KRASNAYA POLYANA, Russia -- Bode Miller is at his fifth Olympics and already owns a U.S.-record five Alpine medals, so in many ways he certainly already has, as he put it Thursday, "been here and done this."

While Miller’s past accomplishments, plus propensity for saying whatever is on his mind, might have made him an athlete to keep an eye on during the Sochi Games anyway, his skiing still can grab headlines. Miller delivered the fastest opening downhill training run ahead of Sunday’s race, finishing in 2 minutes, 7.75 seconds.

"He’s been fast this whole season, but especially these last three weeks," said Aksel Lund Svindal of Norway, who tied for eighth in Thursday’s training and, like Miller, won a medal of each color at the 2010 Vancouver Olympics. "And this is also a course that should be good for him. So I’m not surprised."

"Not to take anything away from the Olympics," he said, a pair of sunglasses perched atop the "USA" blue wool cap on his head, "but it just isn’t the same after I’ve done it as many times as I have."

He made his debut at the 1998 Nagano Games, won a pair of silvers four years later in Salt Lake City, boasted about his late-night partying while failing to even finish three of five events in Turin in 2006, then left Vancouver in 2010 with a gold in super combined, silver in super-G and bronze in downhill.

Miller’s also a two-time overall World Cup champion, a man who has started 430 races on the circuit, earning 33 wins and another 45 top-three finishes.

All of which means he’s very talented at what he does -- a good thing, naturally -- and has plenty of experience -- not necessarily good, in Miller’s view.

Let him explain.

"It can be a hindrance to be in your fifth Olympics, with 400-something World Cups behind you: I do get less nervous; I do get less excited. I’m much more focused, and I’m hoping that kind of trade-off works in my favor," Miller said. "But I definitely can see, from my perspective now, some of my competitors, in a way, have an advantage over me."

Teammate Marco Sullivan was asked how Miller has changed, not only as a ski racer but as a person.

The query drew a hearty laugh.

"The relationship between Bode and I and all the guys is pretty much on the ski hill," Sullivan said. "I can say the way Bode skis is really similar to when I first saw him ski. ... He skis hard, skis technically amazingly well, and he’s fast, and he wants to win. Super-competitive. And I don’t know -- he’s Bode."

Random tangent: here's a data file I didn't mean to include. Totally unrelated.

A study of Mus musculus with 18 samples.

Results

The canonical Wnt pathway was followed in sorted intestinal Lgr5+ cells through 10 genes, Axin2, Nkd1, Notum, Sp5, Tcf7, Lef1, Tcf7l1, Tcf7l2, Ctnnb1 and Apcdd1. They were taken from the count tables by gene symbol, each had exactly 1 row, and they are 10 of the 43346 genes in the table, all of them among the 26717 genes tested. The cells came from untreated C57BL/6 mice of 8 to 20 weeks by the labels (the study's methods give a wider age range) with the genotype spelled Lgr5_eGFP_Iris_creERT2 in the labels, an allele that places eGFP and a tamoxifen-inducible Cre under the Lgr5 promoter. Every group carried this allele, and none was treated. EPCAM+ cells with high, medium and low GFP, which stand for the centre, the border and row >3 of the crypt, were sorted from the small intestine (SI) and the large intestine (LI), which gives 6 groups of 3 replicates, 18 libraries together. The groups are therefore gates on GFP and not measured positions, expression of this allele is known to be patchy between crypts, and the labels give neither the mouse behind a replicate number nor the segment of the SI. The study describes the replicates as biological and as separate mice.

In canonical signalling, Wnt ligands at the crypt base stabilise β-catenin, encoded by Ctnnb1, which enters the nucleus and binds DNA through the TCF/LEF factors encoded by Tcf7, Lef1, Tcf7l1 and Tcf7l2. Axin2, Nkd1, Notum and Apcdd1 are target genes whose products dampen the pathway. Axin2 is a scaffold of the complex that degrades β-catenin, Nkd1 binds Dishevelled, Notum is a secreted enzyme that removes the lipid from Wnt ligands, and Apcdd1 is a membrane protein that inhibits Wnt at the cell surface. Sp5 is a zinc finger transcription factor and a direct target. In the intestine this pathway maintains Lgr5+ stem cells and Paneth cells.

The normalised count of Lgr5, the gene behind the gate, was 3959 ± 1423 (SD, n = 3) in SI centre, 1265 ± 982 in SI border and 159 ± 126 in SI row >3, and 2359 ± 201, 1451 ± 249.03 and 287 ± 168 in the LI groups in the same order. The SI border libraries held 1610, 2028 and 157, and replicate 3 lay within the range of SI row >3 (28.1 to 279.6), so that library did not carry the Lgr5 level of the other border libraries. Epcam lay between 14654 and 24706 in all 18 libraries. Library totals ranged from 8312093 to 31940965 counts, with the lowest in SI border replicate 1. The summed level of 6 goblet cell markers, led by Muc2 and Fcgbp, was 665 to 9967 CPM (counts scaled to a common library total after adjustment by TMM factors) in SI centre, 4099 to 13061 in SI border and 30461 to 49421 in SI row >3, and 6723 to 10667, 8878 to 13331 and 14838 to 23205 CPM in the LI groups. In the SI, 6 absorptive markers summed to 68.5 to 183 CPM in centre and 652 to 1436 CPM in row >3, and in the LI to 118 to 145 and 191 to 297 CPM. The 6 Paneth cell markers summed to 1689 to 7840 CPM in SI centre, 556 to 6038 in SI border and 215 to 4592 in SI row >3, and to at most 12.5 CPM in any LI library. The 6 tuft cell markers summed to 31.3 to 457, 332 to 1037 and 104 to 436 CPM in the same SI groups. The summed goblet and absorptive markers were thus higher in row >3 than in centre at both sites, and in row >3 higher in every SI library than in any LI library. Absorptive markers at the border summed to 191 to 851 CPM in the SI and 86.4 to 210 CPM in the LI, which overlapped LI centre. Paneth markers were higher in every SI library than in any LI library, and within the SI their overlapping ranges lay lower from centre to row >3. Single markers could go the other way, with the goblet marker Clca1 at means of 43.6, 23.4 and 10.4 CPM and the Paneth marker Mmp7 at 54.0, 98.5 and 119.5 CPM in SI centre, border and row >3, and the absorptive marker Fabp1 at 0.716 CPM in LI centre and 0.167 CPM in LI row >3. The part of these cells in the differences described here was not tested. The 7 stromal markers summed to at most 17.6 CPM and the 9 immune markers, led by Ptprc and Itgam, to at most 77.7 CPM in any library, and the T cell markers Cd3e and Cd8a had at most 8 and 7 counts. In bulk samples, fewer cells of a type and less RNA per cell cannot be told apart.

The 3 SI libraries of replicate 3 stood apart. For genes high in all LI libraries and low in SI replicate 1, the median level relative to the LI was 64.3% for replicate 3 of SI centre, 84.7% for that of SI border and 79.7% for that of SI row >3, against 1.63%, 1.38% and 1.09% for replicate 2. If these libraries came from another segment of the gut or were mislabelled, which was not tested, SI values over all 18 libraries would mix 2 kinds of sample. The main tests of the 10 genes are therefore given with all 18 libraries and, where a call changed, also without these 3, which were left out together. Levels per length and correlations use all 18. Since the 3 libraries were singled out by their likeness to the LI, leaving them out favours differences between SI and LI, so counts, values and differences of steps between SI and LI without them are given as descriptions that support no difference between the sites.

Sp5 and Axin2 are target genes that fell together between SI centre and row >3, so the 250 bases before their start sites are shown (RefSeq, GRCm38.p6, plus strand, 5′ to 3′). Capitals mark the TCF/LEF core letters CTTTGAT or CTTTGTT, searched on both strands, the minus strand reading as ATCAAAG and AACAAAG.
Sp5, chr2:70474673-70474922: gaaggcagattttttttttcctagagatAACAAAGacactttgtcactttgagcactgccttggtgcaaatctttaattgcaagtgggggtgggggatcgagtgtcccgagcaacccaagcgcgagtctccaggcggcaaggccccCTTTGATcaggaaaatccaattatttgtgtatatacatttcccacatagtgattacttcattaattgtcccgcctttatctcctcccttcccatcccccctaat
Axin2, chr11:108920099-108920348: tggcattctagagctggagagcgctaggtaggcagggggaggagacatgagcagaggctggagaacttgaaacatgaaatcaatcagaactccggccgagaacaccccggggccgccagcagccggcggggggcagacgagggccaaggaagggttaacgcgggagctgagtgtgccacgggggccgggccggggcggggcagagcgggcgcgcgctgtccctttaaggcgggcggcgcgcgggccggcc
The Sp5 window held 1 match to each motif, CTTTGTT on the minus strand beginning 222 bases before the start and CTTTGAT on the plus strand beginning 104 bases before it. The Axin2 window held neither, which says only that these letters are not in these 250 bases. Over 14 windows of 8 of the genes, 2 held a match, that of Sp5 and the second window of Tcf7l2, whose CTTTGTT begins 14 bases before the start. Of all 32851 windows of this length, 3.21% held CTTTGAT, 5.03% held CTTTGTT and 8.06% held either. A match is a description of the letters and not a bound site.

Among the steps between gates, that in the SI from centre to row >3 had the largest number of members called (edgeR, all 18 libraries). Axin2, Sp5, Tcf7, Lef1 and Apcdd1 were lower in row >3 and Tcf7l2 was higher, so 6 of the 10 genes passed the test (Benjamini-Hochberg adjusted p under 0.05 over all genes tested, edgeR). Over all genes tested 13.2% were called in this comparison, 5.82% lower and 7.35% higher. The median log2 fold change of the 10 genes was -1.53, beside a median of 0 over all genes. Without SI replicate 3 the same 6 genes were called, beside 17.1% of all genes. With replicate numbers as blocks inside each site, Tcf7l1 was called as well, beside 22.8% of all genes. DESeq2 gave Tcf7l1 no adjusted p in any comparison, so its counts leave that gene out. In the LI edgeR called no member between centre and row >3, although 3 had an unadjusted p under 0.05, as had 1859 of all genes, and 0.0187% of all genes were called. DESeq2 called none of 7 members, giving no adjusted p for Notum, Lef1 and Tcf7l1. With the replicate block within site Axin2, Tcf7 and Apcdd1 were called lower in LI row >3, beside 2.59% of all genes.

Two years ago, Miller injured his left knee during a Sochi Olympic test run on the same course used Thursday. He wound up needing surgery, then sat out all of last season.

He’s in much better shape than he was for Vancouver, he says, and has trimmed about 20 pounds from his frame. He finished second in a World Cup giant slalom in Beaver Creek in December, then had a pair of top-three finishes in Kitzbuehel, Austria, last month.

Miller himself will say he does not glide as well as many other racers, but he can find other places to make up time.

"I have areas where I can beat them, where I’m sneakier," Miller said, "where I can look at (the) line and know that I can do something that maybe hasn’t been done before."


A one-hour delay, too. And three skiers sailing high into the air, with one racer even hurting both knees when she landed.

Quite a start on the new course.

Anna Fenninger of Austria had the fastest time in a training run that had to be halted early on so workers could alter a harrowing jump. Fenninger finished the tricky course in 1 minute, 41.73 seconds to put herself 0.21 seconds ahead of Fraenzi Aufdenblatten of Switzerland.

American skier Julia Mancuso was third, 0.38 seconds behind. Defending champion Lindsey Vonn is sitting out the Olympics after undergoing recent knee surgery.

Some of the skiers complained about the quality of forerunners that were used, believing that faster, more experienced course testers were needed to avoid what took place, with the opening three racers getting too much air on the jump down the home stretch.

That led to a lengthy delay to fix the course -- something that does occasionally happen on the World Cup circuit. The three racers were given the option of running the course again, with only Laurenne Ross of the United States doing so.

Daniela Merighetti of Italy skipped the re-run after hurting both knees when she landed hard on the ground after the jump. She had her left knee examined later in the day and her coach, Raimund Plancker, said at the team captains’ meeting that she "has nothing broken so she is OK."

Merighetti’s teammate, Verena Stuffer, also elected not to race again.

"I’m upset they didn’t have more expert forerunners," Merighetti said after her run. "They would’ve known not to send us down."

That sentiment was shared by Tina Weirather of Liechtenstein as well after a run in which she finished fourth.

"The problem is we don’t have really good test runners and forerunners," said Weirather, who finished 0.53 seconds behind Fenninger. "We should have two very good forerunners, just retired, paying them for one or two years, doing just that. Then we would have a responsible test run and then it would be much safer."

Women’s race director Atle Skaardal grasped where the athletes’ gripes were coming from and said: "We, of course, would always like to have better quality forerunners. But we can’t blame them."